By PETER WHITE

Published: 18 November, 2011


Fixed broadband already terminates in almost every instance in WiFi, and anything cellular broadband can do, WiFi can have a stab at. So Broadcom plans to make the machine to machine revolution purely a business for Wifi. If Broadcom can control a home hub for all forms of connected devices - whether they are health monitors, washing machines or air conditioners or sensors for fitness or security - then it can dictate the revenues for the entire connected home. That's between 5 and 10 WiFi chips per home.

At least that's the reasoning behind its latest move designed to attract equipment vendors of unconnected devices everywhere to make the move into the connected world through Broadcom chips. Broadcom calls the architecture it has invented WICED (pronounced Wicked from Wireless Internet Connectivity for Embedded Devices) and the new module makes the development effort for device makers like falling off a log. It is built around the existing Broadcom BCM4319 wireless baseband and uses a specially designed "self-hosted" Wi-Fi networking library and software stack. WICED modules allow the addition of WiFi via a simple serial port.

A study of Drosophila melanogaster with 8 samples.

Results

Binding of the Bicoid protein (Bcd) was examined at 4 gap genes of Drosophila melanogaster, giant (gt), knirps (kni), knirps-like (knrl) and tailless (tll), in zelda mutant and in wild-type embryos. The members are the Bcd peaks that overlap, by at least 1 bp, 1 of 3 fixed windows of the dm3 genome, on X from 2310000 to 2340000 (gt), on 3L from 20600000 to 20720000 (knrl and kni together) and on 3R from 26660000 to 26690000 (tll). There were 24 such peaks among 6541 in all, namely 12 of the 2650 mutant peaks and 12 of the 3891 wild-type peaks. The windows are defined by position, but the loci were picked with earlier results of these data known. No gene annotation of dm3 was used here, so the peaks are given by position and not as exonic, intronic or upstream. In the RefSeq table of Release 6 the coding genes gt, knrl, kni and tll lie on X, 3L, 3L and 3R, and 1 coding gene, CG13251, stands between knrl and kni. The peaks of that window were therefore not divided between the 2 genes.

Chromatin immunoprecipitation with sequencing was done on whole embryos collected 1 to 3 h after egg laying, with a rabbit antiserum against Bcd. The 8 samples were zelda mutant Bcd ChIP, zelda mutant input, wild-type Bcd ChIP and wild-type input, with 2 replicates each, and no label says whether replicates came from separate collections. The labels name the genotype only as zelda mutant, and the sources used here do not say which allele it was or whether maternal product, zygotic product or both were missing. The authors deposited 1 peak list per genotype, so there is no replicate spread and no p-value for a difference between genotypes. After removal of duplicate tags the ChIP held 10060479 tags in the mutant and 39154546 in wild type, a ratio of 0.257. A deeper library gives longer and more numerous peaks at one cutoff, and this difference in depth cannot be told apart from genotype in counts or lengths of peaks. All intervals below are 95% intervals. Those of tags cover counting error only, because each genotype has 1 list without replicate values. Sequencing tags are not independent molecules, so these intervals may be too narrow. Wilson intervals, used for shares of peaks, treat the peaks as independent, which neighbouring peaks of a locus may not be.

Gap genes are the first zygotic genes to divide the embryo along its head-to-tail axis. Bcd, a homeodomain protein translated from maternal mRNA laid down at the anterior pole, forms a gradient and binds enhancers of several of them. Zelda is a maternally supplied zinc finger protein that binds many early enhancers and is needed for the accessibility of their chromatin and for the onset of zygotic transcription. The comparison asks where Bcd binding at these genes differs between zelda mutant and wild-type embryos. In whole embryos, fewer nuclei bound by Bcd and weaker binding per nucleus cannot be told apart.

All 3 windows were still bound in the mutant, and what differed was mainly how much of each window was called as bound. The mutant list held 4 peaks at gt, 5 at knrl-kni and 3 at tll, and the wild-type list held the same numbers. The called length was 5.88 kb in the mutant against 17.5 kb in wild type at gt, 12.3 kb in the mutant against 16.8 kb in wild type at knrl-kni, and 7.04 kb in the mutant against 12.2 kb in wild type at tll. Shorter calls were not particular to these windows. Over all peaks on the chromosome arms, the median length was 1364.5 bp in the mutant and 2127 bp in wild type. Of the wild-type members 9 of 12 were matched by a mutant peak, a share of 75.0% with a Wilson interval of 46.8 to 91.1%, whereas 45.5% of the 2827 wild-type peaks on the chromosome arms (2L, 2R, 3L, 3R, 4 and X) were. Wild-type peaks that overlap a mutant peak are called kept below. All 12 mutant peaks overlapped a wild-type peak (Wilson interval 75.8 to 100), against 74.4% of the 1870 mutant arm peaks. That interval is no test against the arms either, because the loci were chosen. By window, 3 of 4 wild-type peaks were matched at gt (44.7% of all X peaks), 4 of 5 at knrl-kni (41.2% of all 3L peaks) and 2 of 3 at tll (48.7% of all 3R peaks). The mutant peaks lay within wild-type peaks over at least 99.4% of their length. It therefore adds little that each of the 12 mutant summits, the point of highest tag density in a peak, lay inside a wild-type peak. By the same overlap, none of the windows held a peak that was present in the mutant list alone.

It gives Broadcom a platform to go out and sell to equipment manufacturers who want their device to be connected. It is particular aimed at devices which already have their own microcontroller, but no connectivity.

The Broadcom name in WiFi is so strong that it may just nail down enough device makers that it builds up an inexorable head of steam, before cellular operators realize what's hit them, and all of that traffic which cellular players are dreaming of in connected devices has gone the way of a chip maker. Not that idea IS wicked.